8 Awesome Reasons to Live in Portland

Top Reasons to Move to Portland

It’s so easy to forget to value the uniqueness of a community once we’ve lived somewhere a few years. After ten years spent enjoying the magnificence of Alaska, I remember blandly greeting a friend’s wonder with, “Oh, yeah, the eagles. You see them all the time.”

Since relocating to Portland in October, I have been sending a “wow” list to my friends and family back in Utah. Here are some of the things that have made me truly happy to call myself a resident of Portland.

Chicken or egg

While researching housing options, I discovered that Portland allows its residents to keep up to three chickens without a permit. In fact, Portland has the highest per capita urban chicken population in the country! One house I looked at didn’t have a chicken coop, but the neighbor a house away did, and I thought it would be pretty cool to trot down to the neighbor’s to get fresh eggs. Thankfully, roosters are not allowed. That wouldn’t be as charming at five in the morning. Still, fresh eggs in your morning omelet? How could one complain about that?

Bicycles everywhere

Walking to my car recently after another interesting neighborhood exploration, I was caught by surprise as an onslaught of bicyclists – a good 15 or 20 of them – passed by. I stopped and wondered why there would be a bike race in the middle of the week when I realized the time: 5 p.m. The bike-to-work commuters were on their way home!

Where there are bikes, there are beards

I remember reading a local magazine that proclaimed Portland as the “beardiest” city in the United States. Some Portlanders claim that a beard works like a scarf while bike riding. Apparently all the biking to work explains all those beards!

Good conversation

My heart skipped a beat while enjoying home-cranked pumpkin ice cream at the Troutdale General Store one day. Three handsome and fit 50-something men dismounted their bikes, came in for some coffee and chatted about sustainable lifestyles at the table beside me. People here take their beards, their bikes, and their sustainability seriously. Woohoo!

Liberal reading policies

I am now officially a resident of Oregon. Well, at least the library says I am. When I recently got my library card I was amazed to discover that I can check out 100, yes, that’s right, 100 books, CDs, or DVDs at a time. The Multnomah County Library system seems determined to help its residents have their own personal library, even if it’s only for three weeks at a time.

Not in a hurry

While driving on the freeway, wondering why I was passing everyone, I noticed the speed limit just outside Portland is 60 miles per hour. And people actually go 60 miles per hour. Out past the urban growth boundary, the speed does go up to 65 but people still stick to the posted limit. I actually saw a car creeping along the highway with a sign in big letters in the back window that said “55 mph = 37 mpg.” In other places around the country, motorists routinely pass me even while I am traveling at 70. No one seems in a hurry here.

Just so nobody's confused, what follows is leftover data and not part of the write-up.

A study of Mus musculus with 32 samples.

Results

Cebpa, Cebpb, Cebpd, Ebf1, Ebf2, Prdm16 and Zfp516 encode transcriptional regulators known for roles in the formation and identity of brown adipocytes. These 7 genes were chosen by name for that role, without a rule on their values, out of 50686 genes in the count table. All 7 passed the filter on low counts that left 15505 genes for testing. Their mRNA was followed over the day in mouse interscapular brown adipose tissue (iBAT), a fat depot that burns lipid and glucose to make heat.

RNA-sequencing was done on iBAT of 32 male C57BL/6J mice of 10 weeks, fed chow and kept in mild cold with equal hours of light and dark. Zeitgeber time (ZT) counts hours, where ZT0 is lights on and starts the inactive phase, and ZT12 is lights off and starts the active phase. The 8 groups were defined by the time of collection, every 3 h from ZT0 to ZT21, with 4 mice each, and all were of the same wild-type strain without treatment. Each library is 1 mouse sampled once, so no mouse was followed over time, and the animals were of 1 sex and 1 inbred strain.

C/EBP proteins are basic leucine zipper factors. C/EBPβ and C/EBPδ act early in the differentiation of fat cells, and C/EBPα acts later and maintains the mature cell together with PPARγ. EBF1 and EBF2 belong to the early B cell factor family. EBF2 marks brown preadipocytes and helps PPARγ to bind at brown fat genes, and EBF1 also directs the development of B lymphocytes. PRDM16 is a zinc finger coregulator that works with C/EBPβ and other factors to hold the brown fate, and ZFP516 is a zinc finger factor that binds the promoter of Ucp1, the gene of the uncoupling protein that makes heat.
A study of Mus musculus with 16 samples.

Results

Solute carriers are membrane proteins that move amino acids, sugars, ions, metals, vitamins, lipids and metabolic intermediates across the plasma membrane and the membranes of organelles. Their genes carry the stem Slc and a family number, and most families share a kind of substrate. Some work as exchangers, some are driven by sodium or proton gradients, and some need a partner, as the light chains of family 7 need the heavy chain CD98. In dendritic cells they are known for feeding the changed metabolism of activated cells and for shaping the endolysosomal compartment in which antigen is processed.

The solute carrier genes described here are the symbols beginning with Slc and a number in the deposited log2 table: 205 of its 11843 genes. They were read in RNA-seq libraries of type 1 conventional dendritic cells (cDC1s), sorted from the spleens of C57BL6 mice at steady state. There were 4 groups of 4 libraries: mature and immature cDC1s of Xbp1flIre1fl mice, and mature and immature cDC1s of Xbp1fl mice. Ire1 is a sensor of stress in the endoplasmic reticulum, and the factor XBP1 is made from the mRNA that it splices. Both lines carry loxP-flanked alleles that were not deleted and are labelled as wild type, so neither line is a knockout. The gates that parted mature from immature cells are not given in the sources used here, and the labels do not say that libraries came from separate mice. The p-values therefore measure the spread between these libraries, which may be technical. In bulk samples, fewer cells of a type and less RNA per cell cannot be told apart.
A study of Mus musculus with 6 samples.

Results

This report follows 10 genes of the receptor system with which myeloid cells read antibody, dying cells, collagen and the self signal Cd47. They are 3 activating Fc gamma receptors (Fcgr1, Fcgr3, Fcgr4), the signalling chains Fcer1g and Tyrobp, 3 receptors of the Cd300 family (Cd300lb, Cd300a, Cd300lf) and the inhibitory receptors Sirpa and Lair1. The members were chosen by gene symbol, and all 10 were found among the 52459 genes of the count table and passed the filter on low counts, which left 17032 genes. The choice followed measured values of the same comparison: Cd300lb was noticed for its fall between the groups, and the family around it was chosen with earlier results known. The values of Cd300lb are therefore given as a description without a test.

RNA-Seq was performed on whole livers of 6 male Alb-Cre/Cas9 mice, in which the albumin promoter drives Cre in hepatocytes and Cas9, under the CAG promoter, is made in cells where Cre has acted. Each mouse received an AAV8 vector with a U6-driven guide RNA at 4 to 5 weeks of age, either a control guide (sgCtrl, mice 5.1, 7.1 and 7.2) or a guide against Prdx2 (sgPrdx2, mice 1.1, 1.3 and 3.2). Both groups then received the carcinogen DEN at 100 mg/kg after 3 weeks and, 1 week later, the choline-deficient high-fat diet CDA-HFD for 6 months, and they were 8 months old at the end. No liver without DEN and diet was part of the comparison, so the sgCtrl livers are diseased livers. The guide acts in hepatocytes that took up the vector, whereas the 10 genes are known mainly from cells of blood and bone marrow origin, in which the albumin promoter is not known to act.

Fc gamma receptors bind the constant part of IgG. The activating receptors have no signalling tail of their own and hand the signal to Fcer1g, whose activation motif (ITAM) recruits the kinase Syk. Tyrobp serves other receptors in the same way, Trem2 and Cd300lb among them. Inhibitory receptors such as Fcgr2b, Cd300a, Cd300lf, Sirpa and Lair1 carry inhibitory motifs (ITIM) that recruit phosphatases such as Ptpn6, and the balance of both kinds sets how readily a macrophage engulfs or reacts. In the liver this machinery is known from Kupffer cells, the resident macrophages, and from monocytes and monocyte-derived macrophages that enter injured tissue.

Community-building barber

This caught my eye: a newspaper feature on Bishops. The local barbershop chain is about to franchise because they’re so popular. Catering to generations X, Y, and Z, the shop offers affordable salon services in a casual, fun and trendsetting atmosphere. Clients come for a shampoo and blow dry, cut or color, and a free bottle of Miller High Life. They stay to hang out.

On their website, owner Leo Rivera says, “We care about being part of the community and making it better.”

Even the grocery stores are different

At my local Fred Meyer the other day, I found hemp milk on the shelves as part of the regular inventory. It’s touted as being cholesterol free, vegan, and full of essential amino acids and Omega 3 and 6 oils. Even better: it’s legal! I had to try it. After drinking a gallon, I have to admit I don’t feel healthier, but I do appreciate having the alternative right here in my neighborhood grocery store. During another grocery outing, I was offered a sample of beer. Having come from a state with less liberal liquor policies, once again I marveled at how good we have it here in Portland.

Each day continues to surprise and delight me as a newcomer to Portland. Even if you are a native or long-time resident, I hope you will make your own “wow” list and take great pleasure in the many wonderful things this great community has to offer.